Cases about arbitrary interference with family (1)

Zoltowski v Australia (HRC, 2015)

Remedy's assessment: Unremedied

Mr Zoltowski is a Polish-Australian who moved to Australia with his wife and their 2-year-old son. After nearly 3 years, the family returned to Poland, with the intention of permanent relocation. However, Mrs Zoltowski soon changed her mind, and took the boy to Australia without his father’s consent. The couple divorced, with Polish courts granting sole custody of the child to his father, and the Family Court of Western Australia granting sole custody to his mother.

Mr Zoltowski applied under the Hague Convention on Civil Aspects of International Child Abduction for the return of his son to Poland. Eighteen months later, when his first application was unsuccessful, he applied under the Hague Convention for access and custody. The WA Family Court granted Mr Zoltowski supervised access to his son in Australia, two-and-a-half years after he had first applied.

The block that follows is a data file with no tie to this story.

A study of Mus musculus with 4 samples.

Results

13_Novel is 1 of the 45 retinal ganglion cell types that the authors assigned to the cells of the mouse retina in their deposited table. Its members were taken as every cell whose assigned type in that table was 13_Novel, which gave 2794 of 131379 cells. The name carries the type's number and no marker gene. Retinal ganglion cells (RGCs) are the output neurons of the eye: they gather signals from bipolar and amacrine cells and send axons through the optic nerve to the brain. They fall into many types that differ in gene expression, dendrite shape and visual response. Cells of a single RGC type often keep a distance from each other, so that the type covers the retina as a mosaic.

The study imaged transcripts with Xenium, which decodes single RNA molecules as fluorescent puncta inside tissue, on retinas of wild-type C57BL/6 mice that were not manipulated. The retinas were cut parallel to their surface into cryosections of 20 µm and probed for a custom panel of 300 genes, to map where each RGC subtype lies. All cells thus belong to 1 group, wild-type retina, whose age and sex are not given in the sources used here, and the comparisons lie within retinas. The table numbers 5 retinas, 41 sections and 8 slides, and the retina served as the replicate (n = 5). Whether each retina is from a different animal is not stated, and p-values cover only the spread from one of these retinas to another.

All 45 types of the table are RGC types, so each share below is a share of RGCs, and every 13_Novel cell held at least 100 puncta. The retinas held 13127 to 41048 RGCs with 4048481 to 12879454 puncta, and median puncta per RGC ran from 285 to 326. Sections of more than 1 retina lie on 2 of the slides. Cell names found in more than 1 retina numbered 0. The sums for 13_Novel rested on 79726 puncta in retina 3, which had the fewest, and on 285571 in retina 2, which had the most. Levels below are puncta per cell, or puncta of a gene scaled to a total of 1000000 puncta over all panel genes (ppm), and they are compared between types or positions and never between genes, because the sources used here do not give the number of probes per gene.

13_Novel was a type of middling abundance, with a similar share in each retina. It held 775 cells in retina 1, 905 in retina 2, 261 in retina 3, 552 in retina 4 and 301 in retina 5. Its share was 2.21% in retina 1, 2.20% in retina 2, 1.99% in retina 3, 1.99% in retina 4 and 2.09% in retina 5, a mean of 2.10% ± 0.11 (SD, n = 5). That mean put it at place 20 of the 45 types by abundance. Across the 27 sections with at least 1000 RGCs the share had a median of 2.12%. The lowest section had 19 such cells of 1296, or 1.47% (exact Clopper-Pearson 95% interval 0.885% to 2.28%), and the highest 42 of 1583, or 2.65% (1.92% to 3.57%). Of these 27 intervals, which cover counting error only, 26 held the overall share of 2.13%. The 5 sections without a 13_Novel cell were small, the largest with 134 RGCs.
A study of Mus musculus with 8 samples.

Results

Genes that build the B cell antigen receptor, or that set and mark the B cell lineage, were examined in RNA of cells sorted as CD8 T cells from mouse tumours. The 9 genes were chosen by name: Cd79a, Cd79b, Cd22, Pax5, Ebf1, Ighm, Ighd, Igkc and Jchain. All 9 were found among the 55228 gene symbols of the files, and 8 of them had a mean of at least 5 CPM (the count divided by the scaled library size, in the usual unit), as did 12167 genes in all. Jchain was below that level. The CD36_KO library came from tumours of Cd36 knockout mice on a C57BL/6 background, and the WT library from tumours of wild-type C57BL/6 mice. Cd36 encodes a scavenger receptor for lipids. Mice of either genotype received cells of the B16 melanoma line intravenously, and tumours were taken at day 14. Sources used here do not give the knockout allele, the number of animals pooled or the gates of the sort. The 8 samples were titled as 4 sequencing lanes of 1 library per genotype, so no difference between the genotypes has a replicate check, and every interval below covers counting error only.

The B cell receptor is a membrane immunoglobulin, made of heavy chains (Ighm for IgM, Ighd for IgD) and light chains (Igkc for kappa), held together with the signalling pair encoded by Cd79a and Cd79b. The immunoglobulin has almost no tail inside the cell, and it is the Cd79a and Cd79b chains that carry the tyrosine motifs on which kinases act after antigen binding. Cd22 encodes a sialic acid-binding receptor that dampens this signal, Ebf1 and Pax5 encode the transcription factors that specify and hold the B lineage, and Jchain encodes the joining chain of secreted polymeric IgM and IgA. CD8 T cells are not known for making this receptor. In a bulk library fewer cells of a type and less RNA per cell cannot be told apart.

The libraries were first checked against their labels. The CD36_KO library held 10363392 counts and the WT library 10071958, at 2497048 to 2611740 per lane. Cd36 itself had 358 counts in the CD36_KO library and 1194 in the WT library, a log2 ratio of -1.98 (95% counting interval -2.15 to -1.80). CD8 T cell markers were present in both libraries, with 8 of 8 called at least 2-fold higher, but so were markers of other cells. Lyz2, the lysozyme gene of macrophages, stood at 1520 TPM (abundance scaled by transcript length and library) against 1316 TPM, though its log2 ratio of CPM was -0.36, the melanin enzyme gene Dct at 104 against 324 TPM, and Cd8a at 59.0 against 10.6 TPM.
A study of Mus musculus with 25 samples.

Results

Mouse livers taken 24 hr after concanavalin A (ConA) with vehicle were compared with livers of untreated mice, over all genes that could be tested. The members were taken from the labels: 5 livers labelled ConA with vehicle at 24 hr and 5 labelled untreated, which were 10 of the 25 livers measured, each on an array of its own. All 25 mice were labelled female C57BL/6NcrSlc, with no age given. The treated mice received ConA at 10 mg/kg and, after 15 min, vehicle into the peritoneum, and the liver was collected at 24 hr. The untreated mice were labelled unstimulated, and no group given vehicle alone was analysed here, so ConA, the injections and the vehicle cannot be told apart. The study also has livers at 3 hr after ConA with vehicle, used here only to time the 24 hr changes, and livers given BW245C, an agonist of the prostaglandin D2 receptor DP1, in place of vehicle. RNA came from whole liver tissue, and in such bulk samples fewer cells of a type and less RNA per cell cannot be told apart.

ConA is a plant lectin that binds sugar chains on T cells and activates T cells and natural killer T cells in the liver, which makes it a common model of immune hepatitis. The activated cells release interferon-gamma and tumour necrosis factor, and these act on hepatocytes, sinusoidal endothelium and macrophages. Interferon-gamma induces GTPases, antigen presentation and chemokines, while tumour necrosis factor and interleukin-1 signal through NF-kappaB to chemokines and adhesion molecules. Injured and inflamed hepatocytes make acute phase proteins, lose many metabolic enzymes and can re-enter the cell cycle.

The UN Human Rights Committee found that Australia’s failure to guarantee personal relations and regular contact between Mr Zoltowski and his son constituted arbitrary interference with family life and violation of the right of families and children to protection. Also, Australia’s failure to deal expeditiously with Mr Zoltowski’s custody and access applications amount to a violation of his rights concerning fair hearings. An effective remedy would include ensuring regular contact between father and son and compensation for the violations of their rights. Australia must also act to prevent similar violations recurring.